Prompted by Judd's Maid thread, particularly some of Andy's posts, I thought it would be interesting to discuss the issue of applying ratings (like the ESRP or whatever the one for movies is called).
Now, I don't see the need for standardized ratings, and in fact I think they're a bad idea. We can do this as actual communication from author to reader, rather than through some system that's eventually going to have a breakdown (not to mention the sort of arguments posited by Frank Miller about how putting ratings on your books is evil and stupid in the long run as it makes you submissive to the ratings board and stuff or something).
I also don't think that this sort of thing ought to be required of an author/designer. It's up to, y'know, parents to keep inappropriate material out of their children's hands, so the whole argument of "kids might get a hold of this, THINK OF THE CHILDREN" holds no water for me (seriously, I knew plenty of kids in elementary school who had porno mags. Ratings and minimum ages for purchase don't work for that purpose). But I do think that it can be polite to use ratings.
For instance, Poison'd says "For adults, please," on the cover, and as soon as you crack it open you find out why. That works for me.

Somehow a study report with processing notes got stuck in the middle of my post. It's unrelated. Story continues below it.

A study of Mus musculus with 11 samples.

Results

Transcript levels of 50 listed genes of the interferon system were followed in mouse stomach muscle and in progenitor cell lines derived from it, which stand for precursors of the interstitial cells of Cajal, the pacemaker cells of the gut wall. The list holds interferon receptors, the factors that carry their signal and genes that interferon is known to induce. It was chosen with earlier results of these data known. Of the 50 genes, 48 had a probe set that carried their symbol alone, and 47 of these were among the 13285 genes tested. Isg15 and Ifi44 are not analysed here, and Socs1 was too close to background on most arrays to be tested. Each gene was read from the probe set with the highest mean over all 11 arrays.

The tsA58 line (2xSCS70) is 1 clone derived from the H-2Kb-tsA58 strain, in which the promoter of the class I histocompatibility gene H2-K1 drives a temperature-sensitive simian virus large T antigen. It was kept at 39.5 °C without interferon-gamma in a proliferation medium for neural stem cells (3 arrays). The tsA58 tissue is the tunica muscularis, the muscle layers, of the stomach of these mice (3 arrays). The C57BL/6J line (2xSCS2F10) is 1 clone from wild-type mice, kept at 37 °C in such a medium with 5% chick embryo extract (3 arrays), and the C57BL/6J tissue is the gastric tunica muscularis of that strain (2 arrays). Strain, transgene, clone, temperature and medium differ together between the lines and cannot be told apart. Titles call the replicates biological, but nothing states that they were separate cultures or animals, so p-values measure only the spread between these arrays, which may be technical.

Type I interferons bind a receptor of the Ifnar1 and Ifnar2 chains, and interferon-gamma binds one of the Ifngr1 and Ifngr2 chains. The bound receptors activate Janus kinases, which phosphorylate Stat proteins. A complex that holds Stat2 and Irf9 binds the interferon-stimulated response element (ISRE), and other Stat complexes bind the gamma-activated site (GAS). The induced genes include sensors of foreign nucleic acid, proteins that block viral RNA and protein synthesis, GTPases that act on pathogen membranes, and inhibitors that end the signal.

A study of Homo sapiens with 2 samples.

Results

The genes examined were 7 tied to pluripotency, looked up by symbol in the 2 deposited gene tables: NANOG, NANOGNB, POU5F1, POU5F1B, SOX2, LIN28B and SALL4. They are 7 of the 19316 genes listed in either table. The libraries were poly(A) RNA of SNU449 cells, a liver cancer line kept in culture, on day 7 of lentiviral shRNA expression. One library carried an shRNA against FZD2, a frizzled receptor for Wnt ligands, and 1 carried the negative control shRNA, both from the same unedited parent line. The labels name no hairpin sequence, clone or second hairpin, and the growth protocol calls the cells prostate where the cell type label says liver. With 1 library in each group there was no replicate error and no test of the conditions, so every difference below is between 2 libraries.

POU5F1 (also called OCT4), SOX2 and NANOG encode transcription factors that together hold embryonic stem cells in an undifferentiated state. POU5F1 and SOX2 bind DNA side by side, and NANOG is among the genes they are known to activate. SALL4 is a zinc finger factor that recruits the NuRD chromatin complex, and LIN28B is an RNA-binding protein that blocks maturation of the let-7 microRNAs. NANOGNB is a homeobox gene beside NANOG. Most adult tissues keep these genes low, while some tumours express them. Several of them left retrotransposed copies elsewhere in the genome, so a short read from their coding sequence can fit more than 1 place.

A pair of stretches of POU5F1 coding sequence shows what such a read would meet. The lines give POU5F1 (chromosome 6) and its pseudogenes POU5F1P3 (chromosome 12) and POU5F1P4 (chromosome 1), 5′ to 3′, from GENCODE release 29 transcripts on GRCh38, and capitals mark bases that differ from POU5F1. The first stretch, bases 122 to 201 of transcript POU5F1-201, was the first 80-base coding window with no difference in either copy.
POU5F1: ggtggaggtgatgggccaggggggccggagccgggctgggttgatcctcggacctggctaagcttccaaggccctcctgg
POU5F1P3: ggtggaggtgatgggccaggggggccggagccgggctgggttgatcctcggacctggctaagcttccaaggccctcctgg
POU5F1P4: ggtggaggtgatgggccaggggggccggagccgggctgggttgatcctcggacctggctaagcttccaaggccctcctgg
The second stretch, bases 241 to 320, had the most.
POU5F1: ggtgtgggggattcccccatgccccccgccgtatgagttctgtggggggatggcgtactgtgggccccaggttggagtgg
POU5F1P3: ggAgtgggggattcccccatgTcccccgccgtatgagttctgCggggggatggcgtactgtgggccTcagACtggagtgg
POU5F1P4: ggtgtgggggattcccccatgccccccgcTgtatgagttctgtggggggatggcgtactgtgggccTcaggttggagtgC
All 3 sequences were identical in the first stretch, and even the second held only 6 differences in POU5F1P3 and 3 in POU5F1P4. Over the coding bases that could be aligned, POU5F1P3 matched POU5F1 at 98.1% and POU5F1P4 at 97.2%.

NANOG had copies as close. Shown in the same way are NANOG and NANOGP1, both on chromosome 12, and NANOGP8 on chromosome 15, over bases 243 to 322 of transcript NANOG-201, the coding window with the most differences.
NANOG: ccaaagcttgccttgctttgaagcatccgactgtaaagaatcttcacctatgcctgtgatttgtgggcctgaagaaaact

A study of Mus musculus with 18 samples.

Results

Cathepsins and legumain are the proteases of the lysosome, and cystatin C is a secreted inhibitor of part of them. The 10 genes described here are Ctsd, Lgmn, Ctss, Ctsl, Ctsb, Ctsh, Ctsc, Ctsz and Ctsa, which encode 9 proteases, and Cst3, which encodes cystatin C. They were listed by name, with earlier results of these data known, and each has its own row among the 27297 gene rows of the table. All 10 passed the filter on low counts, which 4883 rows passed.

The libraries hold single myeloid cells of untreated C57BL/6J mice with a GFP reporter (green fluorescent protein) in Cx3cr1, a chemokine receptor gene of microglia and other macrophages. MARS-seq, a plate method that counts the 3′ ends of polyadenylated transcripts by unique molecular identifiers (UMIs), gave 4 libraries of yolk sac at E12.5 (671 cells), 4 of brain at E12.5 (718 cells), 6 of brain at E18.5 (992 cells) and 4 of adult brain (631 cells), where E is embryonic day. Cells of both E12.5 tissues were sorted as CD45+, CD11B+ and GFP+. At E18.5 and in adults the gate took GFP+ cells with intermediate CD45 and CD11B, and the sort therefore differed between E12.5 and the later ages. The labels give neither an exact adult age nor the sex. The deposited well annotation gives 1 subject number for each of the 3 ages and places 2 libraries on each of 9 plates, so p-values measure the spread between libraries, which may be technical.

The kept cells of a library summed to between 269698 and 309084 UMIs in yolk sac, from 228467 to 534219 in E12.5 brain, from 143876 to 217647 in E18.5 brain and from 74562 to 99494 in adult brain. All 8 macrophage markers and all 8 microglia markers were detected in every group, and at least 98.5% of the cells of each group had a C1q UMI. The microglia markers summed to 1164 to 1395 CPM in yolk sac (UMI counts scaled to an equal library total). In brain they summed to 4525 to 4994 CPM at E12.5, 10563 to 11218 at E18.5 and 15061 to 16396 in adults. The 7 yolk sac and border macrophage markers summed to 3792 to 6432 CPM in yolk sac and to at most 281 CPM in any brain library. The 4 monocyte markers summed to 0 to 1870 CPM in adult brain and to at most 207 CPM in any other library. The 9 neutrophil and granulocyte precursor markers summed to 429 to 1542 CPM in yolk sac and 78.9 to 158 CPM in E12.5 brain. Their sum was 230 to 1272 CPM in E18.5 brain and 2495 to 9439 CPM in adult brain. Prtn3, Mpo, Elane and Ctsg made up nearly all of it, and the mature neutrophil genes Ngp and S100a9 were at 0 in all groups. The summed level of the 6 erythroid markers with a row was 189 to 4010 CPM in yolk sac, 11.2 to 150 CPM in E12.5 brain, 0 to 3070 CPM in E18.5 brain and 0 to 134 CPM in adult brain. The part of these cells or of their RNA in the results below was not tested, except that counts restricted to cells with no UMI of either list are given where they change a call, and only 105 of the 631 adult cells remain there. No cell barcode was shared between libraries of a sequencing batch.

I can talk about one of mine, the in-development MADCorp. I'm gonna be stamping on the cover, RATED 'M' FOR "MOTHER" (as in "may offend your"), as well as a disclaimer inside the cover. That rating is both a joke and an honest assessment of the game's content. It has repeated references to drug abuse, murder, criminal insanity, cannibalism, and dead-end jobs, all treated with a tone of gleeful "fuck you" abandon with plenty of profanity. It includes sentences like, "If you spike your hair with the blood of the innocent, you get +1 to your dark powers" and "Yes, kids, drugs are the answer." I don't even want to show it to my mother.
So, yeah. Any other thoughts on this?